If I had to sum up the attraction of old-school Dungeons & Dragons in a single phrase, it would be: “simple rules, great modules”. Nowadays things are so backwards. There’s a D&D rulebook, it seems, for everything under the sun, and modules aren’t even close to what they used to be. You certainly don’t hear gamers rhapsodizing about modules like I did back in the day, when we couldn’t wait to get to the store to buy the new temple of darkness penned by Gary Gygax, or the coastal haunted house that masked a nefarious business. James Maliszewski has written extensively about the evolution of D&D modules, one of my favorite posts being Locale and Plot.
Essentially, as Maliszewski contends, the D&D modules of the late ’70s & early ’80s focused on presenting locales with minimal plotting. Any plot resulted from a dynamic unfolding of what happened to the PCs once they were there, not something the module authors scripted in advance. Dragonlance (in 1984) changed that focus, introducing heavy-handed plotting on prepackaged narratives, with the result that PCs became increasingly consigned to enacting preordained roles. In fact, as far as I’m concerned, it got to the point that modules weren’t really “modules” anymore — things you could pick up and drop into your own adventure with ease. They became the adventures themselves, which defeated the whole concept of interchangeability that was inherent to a “module”.
And of course, by the time of 3rd edition D&D (in 2000), the term “module” had indeed been officially dropped in favor of “adventure”. But that switch in terminology should have occurred sometime in the mid to late ’80s, prior to the release of even 2nd edition D&D. Story supplanted design to the extent that role-playing felt more and more like script-slavery. This isn’t to say (as Maliszewski emphasizes) that old-school gamers didn’t create their own stories; far from it. The point is that they were their own stories, not the module authors’, and more importantly, the stories grew by the spontaneity (and often unpredictability) of the players’ seat-of-the-pants actions. Post-1983 modules were, to use the old-school cuss word, “railroady”, meaning they forced players on too many paths or plots to make the module “work”. There’s obviously some degree of railroading to any D&D campaign (otherwise it could be hard to get one off the ground), but the ratio of PC free will to DM predestination was large by design in the old days. DMs were trained to expect the unexpected from their players, and to shift gears accordingly.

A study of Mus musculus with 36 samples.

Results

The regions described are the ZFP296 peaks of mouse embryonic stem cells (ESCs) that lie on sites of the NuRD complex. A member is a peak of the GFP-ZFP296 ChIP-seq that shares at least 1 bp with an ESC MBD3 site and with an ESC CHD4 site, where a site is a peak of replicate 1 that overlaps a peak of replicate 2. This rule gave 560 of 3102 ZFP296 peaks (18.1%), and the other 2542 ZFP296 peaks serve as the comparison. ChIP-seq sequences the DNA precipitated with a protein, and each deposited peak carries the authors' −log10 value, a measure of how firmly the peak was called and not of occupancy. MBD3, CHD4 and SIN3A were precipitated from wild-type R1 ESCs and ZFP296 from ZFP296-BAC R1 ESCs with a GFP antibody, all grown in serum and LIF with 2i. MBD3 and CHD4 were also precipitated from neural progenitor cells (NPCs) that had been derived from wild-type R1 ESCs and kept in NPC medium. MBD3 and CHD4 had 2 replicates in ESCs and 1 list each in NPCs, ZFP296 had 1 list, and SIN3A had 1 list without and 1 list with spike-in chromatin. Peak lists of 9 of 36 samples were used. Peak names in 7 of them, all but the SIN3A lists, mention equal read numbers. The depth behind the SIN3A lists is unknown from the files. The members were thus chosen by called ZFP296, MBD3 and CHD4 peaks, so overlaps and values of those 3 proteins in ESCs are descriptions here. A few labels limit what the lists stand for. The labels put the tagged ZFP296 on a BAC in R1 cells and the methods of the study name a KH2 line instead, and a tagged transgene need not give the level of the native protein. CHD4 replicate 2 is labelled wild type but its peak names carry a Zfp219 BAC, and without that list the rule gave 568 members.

Dragonlance ushered in nothing less than a lazy breed of gaming, often justified by the insistence that DMs no longer had as much free time to develop plots on their own and prepare for counterplots. Maliszewski rightly refutes this: creating a plot/story is the easiest part of being a DM, not the hardest. It’s the modular parts — maps, room descriptions, treasures, monsters, encounter areas, game stats — that are a pain in the ass and so bloody time consuming for the referee to develop. And it’s this stuff that need to feel inspired. Dungeons, cities, and wilderness locales are where creative energy need to be poured, and where we relied so heavily on the genius imaginations of Gary Gygax, Tom Moldvay, David Cook, and Roger Moore — and believe me, I’m the first to admit that my own self-designed modules weren’t nearly as inspiring as theirs. The overarching plot and adventure, however, is more basic, and what I want to be my own. Just as I want my characters to be my own as a player. (Pre-generated characters, except in tournament settings, are as anathema to the spirit of D&D role-playing as pre-packaged adventures.)
Let’s be frank: there haven’t been awesomely inspiring modules like Tomb of Horrors, The Lost City, Castle Amber, and Vault of the Drow in a long time. They succeeded so well, and remain classics, because they detailed as much as they inspired, around minimal plotting. They were suitable as self-standing isolated affairs, but could just as easily be worked into larger campaigns — adventures, that is, determined by the interactive dynamic between DMs and players.